Christmas cooking: Lime-glazed ham

This is a sponsored post for Woolworths.

If there’s one thing that screams Christmas and family to me, it’s a big Christmas ham. Each year my Dad would go down and buy the ham and we’d outdo ourselves with ham for breakfast, lunch and dinner – and then when it was done Dad would whip up his famous pea & ham soup.

When I married Hubby and started to experience Christmas with his family, as well as mine, it was interesting to see that a Christmas ham is a tradition for his family too. Perhaps it’s an Aussie thing?

I never cooked the ham before. We’ve always just had it as it is, nothing fancy. Hubby’s family was the same. But this year I decided to get a little bit fancy by glazing it. I used this recipe from the Woolworth’s Fresh magazine {it’s free in the supermarket if you want to grab a copy – but otherwise the recipe is also below}. It was super delicious and I’ll probably make the same effort every year. Perhaps it’ll be a new little family tradition.


1 leg of ham {around 7kg – mine weighed a whopping 10kg}
1 cup of brown sugar
2 tsp ground ginger
2 tbs Dijon mustard
1 lime, finely zest
1/4 cup lime juice
2 tbs rum
1/2 cup white sugar
1/2 cup water
3 limes, extra
Whole cloves {about 10}


♥ Preheat the oven to 180 degrees celcius. Line a large roasting pan with foil or just buy one of those disposable BBQ trays {I did that}. Weigh your ham {you might have to use the bathroom scales like we did!} and calculate 20 minutes per kilogram.
♥ Remove the skin from the ham. You can do this by running your thumb between the skin and the fat layer. Cut the skin around the shank {the bone at the end so the skin will detach}. You can keep the skin to place back on top of your ham to keep it moist.
♥ Score the fat in a diagonal pattern. Don’t cut too deep. Use a really sharp knife to make it easier. Place in the roasting tray.
♥ In a bowl, mix the brown sugar, the ginger, the Dijon mustard, the rum and the lime zest and juice. Mix it together until a paste forms. Use half of the paste over to brush over the ham.
♥ Place in the oven and cook for 20 minutes. Reduce the temperature to 160 degrees celcius, use the other half of the paste and brush over the ham. Continue cooking the ham {using the time you calculated when weighing it} and baste the ham every 30 minutes. It sound laborious, but put on a movie, set a timer and it only takes a few minutes to baste {so worth it for the end flavour. I promise!}.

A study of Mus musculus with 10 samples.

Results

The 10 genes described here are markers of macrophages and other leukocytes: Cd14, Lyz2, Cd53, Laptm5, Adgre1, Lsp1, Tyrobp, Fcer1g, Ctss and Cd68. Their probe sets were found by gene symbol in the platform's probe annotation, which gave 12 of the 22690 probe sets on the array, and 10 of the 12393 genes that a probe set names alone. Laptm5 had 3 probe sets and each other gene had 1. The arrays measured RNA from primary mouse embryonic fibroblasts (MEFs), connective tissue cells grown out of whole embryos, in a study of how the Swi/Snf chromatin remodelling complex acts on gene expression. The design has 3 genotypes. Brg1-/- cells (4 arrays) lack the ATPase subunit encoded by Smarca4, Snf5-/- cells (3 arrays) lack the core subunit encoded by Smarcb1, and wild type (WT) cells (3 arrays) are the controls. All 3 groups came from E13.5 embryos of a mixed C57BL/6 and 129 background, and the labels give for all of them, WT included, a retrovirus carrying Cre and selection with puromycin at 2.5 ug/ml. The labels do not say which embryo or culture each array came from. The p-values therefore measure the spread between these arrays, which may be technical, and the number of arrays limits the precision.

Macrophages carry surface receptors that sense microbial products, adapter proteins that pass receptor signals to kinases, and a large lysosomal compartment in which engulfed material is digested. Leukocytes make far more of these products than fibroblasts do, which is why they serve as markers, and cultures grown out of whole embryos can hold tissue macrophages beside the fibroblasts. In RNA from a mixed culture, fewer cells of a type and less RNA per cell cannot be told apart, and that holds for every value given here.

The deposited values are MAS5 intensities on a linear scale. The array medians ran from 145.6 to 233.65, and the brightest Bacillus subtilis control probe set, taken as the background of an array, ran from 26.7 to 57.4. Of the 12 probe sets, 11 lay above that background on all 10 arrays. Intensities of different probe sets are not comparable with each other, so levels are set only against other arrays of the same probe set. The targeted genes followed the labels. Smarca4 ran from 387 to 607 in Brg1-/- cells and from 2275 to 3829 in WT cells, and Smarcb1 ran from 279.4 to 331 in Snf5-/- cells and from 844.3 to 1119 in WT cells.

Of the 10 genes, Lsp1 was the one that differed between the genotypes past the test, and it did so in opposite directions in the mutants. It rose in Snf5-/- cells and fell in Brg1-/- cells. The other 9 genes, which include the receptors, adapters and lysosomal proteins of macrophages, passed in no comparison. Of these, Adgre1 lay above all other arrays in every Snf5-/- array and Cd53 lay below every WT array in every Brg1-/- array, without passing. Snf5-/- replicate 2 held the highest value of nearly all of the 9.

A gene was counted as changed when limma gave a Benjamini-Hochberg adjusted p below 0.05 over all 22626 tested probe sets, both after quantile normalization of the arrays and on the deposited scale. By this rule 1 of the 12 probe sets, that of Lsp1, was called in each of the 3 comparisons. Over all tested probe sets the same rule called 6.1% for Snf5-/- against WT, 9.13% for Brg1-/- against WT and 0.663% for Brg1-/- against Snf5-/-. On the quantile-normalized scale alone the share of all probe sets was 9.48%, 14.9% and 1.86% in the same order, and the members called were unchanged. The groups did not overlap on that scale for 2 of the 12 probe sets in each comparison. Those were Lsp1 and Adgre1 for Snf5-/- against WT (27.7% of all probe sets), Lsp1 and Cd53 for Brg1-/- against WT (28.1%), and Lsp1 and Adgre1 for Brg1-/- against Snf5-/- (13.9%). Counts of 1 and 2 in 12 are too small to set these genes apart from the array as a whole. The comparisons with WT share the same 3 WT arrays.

♥ While the ham is cooking, make the final glaze. Place the white sugar and water in pot over medium heat. Simmer until the sugar dissolves, stirring until it does. Slice up 1 of the limes and add to the sugar/water mix. Simmer gently for 5 minutes. Turn off heat and allow to cool.
♥ Once the ham is cooked and out of the oven, brush over with the lime glaze. For a little extra wow factor, slice the 2 remaining limes and place on the cooked ham, securing with the cloves or a toothpick {if the cloves won’t stay}.
♥ Serve the ham warm or cold.

Starting from this week right through to Christmas, the Woolies ham will be on a special offer. You can find out about it here.

Do you have any family traditions when it comes to food and Christmas? What are they? Do you have a ham at Christmas time – I’d love to know what glazes you’ve tried and loved.



16 thoughts on “Christmas cooking: Lime-glazed ham”

  1. I am obsessed with Xmas Ham. It is an illness. My Mum does the best one with brown sugar and stout. Yours looks amazing too xx

  2. Is it a fan forced oven or conventional? Looks so yummy. Have decided I’m going to do a baked ham this year. Might even do one before Chrissy hehehe

  3. yum! is it ham omelette, ham salad, ham sandwiches, ham frittata for the next few weeks! my grandma always buys us a ham each christmas and the kids and hubby love it!

  4. Love the sound of Mrs Woogs, brown sugar and stout glaze. I use apricot jam, but may be mixing a little stout into it this year

  5. It’s not just an Aussie thing. Ham is the traditional Christmas fare for many American families as well. It’s just not Christmas without a Christmas ham. After seeing this photo, my family’s Christmas ham this year might have to be lime-glazed!

  6. yum – this looks amazing! my mu glazes hers with english mustard and overs with bacon – ham on ham! its pretty damn good

  7. Christmas ham is a very Finnish tradition as well. Also sweet smashed potato and carrot casseroles and different kinds of smoked and raw spiced fishes are a must. The ham is cooked in the oven as it is, with the netting, skin and fat all there, and after the meat is the right temperature inside, the skin and most of the fat is removed. Brush a thick layer of strong mustard on top, and batter with breadcrumbs, put in the oven for another 20 minutes to get a golden color. The ham is eaten cold, with more mustard and the casseroles. Our own family tradition is the boiled and salted beef tongue.

  8. I am very tempted to do the one with coke in one of the Nigella cookbooks. Looks revoltingly sticky and delicious.

  9. I really like that you post recipes on your blog too, I liked the pavlova, the fruity flavoured water and this one and I felt compelled to pin them on my Food & Drink board on Pinterest. Thankyou and have a lovely weekend, looking forward to December’s FMSphotoaday 🙂 I’m doing the November one and have participated in the past. Can’t wait to try this recipe.